Scientists test Space-Based Solar Power Back to Earth

The California Institute of Technology (Caltech) says for the first time, it successfully beamed power wirelessly from space back down to . The team recently completed its first major test after launching a space solar power prototype into orbit earlier this year.

Caltech's Space Solar Power Project launched the Space Solar Power Demonstrator (SSPD-1) into orbit with the goal of harvesting space solar power, then transmitting it back to us Earthlings. This week it successfully finished its first power transfer experiment using the Microwave Array for Power-transfer Low-orbit Experiment (MAPLE) prototype aboard the SSPD-1.

If that sounds wild, it's because it is. MAPLE captured solar power in space and shot it down to a receiver at Caltech's campus in Pasadena. The group outfitted a large receiver on the rooftop of its Gordan and Betty Moore Laboratory of Engineering for the job.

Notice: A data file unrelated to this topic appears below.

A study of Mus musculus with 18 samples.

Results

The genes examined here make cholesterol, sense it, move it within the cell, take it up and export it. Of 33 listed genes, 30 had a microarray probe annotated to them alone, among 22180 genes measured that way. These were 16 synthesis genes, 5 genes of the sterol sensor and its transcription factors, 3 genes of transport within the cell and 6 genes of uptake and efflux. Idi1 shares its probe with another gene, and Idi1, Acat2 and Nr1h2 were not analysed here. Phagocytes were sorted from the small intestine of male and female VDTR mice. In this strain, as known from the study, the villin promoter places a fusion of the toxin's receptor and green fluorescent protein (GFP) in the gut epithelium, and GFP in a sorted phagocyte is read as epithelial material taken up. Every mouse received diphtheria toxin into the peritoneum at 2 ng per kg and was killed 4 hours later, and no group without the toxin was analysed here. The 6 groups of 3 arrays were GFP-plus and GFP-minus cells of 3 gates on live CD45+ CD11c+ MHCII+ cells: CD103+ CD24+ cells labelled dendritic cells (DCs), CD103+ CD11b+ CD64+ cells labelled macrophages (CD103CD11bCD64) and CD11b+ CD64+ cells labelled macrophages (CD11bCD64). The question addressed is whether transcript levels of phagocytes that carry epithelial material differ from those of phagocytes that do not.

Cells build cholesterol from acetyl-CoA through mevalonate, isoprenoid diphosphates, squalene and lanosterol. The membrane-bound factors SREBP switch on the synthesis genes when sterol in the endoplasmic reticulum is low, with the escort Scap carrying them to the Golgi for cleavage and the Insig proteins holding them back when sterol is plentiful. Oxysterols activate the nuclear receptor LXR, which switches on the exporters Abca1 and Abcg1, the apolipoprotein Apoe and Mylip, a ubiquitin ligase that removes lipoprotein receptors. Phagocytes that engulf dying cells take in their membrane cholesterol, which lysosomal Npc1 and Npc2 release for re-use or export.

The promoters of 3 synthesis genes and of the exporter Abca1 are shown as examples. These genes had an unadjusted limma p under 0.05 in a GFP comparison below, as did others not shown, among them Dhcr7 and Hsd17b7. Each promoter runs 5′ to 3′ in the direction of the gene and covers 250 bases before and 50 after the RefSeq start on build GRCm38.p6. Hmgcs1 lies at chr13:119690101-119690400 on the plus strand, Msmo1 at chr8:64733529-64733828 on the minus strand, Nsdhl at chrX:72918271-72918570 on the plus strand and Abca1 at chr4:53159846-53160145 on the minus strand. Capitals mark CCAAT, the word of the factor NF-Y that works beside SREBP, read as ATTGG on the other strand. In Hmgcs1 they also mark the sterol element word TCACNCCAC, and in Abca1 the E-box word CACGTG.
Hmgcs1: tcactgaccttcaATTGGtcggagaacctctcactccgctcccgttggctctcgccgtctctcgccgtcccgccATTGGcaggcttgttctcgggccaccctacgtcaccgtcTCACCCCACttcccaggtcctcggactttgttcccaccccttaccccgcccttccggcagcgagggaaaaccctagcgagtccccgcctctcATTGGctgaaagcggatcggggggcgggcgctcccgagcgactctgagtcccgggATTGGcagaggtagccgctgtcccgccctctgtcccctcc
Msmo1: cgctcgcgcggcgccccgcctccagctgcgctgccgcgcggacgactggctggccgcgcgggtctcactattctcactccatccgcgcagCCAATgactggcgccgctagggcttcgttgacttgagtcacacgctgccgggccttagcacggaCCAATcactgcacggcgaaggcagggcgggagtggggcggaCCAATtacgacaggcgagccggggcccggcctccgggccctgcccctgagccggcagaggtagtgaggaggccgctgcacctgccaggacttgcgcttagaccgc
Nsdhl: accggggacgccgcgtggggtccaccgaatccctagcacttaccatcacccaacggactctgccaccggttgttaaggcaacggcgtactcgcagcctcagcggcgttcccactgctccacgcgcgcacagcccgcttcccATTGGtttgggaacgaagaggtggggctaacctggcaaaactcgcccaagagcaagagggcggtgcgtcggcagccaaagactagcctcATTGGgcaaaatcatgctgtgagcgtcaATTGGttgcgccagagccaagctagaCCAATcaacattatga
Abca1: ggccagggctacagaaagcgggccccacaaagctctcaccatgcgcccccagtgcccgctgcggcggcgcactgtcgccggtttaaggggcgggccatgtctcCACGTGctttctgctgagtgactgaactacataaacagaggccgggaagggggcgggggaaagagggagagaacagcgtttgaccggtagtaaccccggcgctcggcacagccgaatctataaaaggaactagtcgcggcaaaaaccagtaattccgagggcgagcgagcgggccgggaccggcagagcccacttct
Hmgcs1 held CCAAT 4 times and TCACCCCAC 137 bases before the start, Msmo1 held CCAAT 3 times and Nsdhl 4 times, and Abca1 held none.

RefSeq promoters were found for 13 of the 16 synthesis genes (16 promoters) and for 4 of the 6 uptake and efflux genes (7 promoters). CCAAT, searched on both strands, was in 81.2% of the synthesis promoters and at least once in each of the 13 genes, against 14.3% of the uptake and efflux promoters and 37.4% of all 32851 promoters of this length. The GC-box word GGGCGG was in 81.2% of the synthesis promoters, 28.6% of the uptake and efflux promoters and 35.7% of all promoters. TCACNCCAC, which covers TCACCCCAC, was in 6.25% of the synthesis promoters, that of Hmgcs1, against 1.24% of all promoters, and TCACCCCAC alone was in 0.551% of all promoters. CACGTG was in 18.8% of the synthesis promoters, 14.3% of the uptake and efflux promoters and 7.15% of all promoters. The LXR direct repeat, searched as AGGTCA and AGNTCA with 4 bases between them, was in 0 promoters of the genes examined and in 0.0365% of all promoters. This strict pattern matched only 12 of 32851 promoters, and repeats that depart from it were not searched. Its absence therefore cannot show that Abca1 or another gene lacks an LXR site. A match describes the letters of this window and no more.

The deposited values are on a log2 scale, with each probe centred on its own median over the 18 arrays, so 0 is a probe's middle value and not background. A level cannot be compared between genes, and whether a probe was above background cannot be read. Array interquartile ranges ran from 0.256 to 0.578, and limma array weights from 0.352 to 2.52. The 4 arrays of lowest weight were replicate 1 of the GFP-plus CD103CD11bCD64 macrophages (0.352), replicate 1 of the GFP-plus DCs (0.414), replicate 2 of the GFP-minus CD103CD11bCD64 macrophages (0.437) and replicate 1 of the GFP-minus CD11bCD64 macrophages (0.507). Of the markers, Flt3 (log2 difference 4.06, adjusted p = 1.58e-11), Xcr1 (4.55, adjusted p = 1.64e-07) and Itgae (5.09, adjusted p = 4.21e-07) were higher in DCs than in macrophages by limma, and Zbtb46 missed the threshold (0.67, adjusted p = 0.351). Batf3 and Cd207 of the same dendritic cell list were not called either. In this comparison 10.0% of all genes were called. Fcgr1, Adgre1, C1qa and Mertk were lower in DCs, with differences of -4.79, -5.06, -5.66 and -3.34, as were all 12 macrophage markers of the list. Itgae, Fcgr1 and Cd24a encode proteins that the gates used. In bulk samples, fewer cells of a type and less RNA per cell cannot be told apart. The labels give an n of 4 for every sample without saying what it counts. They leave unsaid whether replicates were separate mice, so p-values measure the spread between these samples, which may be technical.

“Through the experiments we have run so far, we received confirmation that MAPLE can transmit power successfully to receivers in space. We have also been able to program the array to direct its energy toward Earth, which we detected here at Caltech. We had, of course, tested it on Earth, but now we know that it can survive the trip to space and operate there,” said team lead Ali Hajimiri.

According to Caltech, the entire system was built using low-cost silicon technologies, and a massive array of flexible, lightweight microwave power transmitters did the rest. Those transmitters can beam the power to other desired locations, so long as there's a receiver ready to capture it.

It's still early in these tests, but the implications are enormous. For one, the sun has unlimited solar power as long as you can capture and distribute it. And two, imagine being able to draw power from space and then send it to remote regions that wouldn't otherwise have proper infrastructure or during natural disasters. Or even a solar-powered car.

It's a small step for space solar power, but an important one. Who knows, one day these receivers can gather all that solar power to charge our self-driving electric vehicles.